Child groomer’s ‘borderline’ intellect: court

Child groomer’s ‘borderline’ intellect: court

A judge has taken into account a man’s “reduced intellectual capacity” in sentencing him for grooming and engaging explicitly with an underage girl.

On Wednesday, Jason Luckhurst was sentenced to five years and two months in prison for messaging and attempting to engage in sex with a 14-year-old girl when he was 26-years-old.

During their conversations, Mr Luckhurst sent naked images and videos of himself masturbating.

The girl was in fact an online persona being used by police to investigate him.

Mr Luckhurst was arrested on 15th July, 2020 after attempting to meet the girl at NSW’s Foster Beach, where he arrived with a makeshift bed in the back of his car.

He watched from jail via videolink as the sentence was handed down by Judge Mark Marien at Sydney’s Downing Centre.

A non-parole period of two years and seven months backdated to the time of his arrest will make Mr Luckhurst eligible for release early next year.

During conversations with what he believed was the 14-year-old, Mr Luckhurst used highly sexually explicit language, sent naked photos and videos of himself and encouraged the girl to touch herself so it didn’t hurt when they were together.

Having sent pictures of himself, Mr Luckhurst messaged, “Aye do you have any hot pics of you baby? Like bra and undie pics.”

He also encouraged the girl to move in with her father to Foster so she was closer to where he lived in Taree.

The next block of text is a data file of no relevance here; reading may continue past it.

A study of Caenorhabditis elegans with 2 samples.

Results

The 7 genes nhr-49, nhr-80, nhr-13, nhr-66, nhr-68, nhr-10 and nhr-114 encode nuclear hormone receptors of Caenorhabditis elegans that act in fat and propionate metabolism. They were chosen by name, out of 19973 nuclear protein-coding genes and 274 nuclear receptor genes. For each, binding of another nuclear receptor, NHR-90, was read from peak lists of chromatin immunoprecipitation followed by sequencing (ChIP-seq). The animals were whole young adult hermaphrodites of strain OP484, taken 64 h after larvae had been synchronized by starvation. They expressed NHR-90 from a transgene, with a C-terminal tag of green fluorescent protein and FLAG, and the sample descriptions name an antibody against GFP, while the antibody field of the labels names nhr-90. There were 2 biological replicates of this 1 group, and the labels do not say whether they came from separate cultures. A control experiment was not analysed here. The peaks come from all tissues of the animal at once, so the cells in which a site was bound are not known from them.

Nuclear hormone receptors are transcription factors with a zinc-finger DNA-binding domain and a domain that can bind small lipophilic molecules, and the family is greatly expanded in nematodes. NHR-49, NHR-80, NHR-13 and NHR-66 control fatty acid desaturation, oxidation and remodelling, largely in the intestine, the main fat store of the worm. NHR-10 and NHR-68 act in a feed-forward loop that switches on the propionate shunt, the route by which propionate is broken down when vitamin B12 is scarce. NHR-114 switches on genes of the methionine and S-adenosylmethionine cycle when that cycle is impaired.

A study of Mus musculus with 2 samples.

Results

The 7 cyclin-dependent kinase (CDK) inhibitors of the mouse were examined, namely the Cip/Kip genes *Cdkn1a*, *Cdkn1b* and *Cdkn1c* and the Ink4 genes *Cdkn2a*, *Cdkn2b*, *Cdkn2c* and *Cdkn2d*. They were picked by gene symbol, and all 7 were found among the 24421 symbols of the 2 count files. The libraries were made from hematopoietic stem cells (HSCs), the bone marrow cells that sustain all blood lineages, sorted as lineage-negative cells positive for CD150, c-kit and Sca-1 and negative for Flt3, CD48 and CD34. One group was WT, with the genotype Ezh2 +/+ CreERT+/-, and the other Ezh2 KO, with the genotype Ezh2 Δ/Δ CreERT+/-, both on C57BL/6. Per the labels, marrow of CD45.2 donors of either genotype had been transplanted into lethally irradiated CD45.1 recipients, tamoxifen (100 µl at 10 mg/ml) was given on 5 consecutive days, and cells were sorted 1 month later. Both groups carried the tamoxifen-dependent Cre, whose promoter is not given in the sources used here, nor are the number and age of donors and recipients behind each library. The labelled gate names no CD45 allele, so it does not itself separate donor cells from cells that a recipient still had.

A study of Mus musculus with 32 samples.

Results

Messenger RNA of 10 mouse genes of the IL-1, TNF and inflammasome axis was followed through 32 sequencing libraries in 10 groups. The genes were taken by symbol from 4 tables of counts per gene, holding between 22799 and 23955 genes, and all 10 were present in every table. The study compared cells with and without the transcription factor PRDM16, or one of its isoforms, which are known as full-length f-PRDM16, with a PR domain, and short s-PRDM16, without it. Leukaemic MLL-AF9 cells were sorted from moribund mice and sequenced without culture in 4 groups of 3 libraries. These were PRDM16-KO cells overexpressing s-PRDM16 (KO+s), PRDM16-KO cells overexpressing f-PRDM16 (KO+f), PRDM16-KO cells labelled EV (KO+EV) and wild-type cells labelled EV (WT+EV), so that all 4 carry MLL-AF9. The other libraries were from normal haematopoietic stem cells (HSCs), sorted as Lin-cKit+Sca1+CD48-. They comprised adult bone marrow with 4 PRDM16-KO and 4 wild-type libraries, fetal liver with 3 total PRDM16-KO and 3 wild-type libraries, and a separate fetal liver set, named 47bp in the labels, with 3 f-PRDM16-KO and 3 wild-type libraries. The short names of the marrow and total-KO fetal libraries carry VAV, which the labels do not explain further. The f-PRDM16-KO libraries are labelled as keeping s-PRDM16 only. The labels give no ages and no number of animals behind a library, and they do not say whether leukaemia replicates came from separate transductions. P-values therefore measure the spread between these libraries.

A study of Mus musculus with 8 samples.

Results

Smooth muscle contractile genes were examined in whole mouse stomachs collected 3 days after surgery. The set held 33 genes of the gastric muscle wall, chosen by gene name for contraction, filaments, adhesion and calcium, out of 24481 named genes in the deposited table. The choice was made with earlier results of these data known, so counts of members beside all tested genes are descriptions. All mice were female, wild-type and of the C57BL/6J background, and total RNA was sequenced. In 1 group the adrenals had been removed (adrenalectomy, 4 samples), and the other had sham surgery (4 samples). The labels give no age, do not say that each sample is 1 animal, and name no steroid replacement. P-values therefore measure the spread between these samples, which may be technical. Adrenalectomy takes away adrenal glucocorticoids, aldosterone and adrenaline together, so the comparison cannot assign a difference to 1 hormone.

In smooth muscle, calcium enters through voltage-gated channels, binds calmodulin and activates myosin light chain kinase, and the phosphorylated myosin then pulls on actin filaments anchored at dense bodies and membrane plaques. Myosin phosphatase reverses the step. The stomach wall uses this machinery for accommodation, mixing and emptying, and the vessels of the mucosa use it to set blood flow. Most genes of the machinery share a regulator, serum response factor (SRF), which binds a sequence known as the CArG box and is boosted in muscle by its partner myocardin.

The court heard psychologist reports attesting Mr Luckhurst has “significantly reduced intellectual capacity” which made him less able to reason and practice good judgment.

He reported to one psychologist he had thought the messages may have been coming from an undercover police officer but “took the risk”.

Mr Luckhurt’s overall intellectual function was rated as “borderline” and it was noted he had “significant” learning difficulties at school.

Mr Marien accepted that due to his intellectual capacity, Mr Luckhurst’s moral culpability for the crimes was significantly reduced.

However, he also noted despite there being no actual “victim” the crimes were no less serious.

After maintaining an online relationship with police posing as the underage girl for several months, Mr Luckhurst arranged to meet her for the purpose of having sex.

Prior to the meeting, Mr Luckhurst messaged, “If anyone says anything, you’re my sister. If anyone sees us together.”

Instead, when Mr Luckhurst arrived at the rendezvous, he was taken into custody by investigators.

At the time of his arrest, Mr Luckhurst was living with a partner who has supported him throughout the process and expressed intentions to reconnect when he is released from prison.

Mr Luckhurst plead guilty on April 2021 to using a carriage service to message a girl under 16 to engage in sexual activity and attempting to engage in sexual activity with a child under the age of 16.

Speaking to psychologists, he described it as a “stupid mistake” and said he was “sorry for what he had done”.

In handing down the sentence, Mr Marien said Mr Luckhurst experienced particular “vulnerability” in jail due to his borderline function.

He also noted Mr Luckhurst had spent significant periods of time in Covid lockdown within jail since he was arrested over two years ago.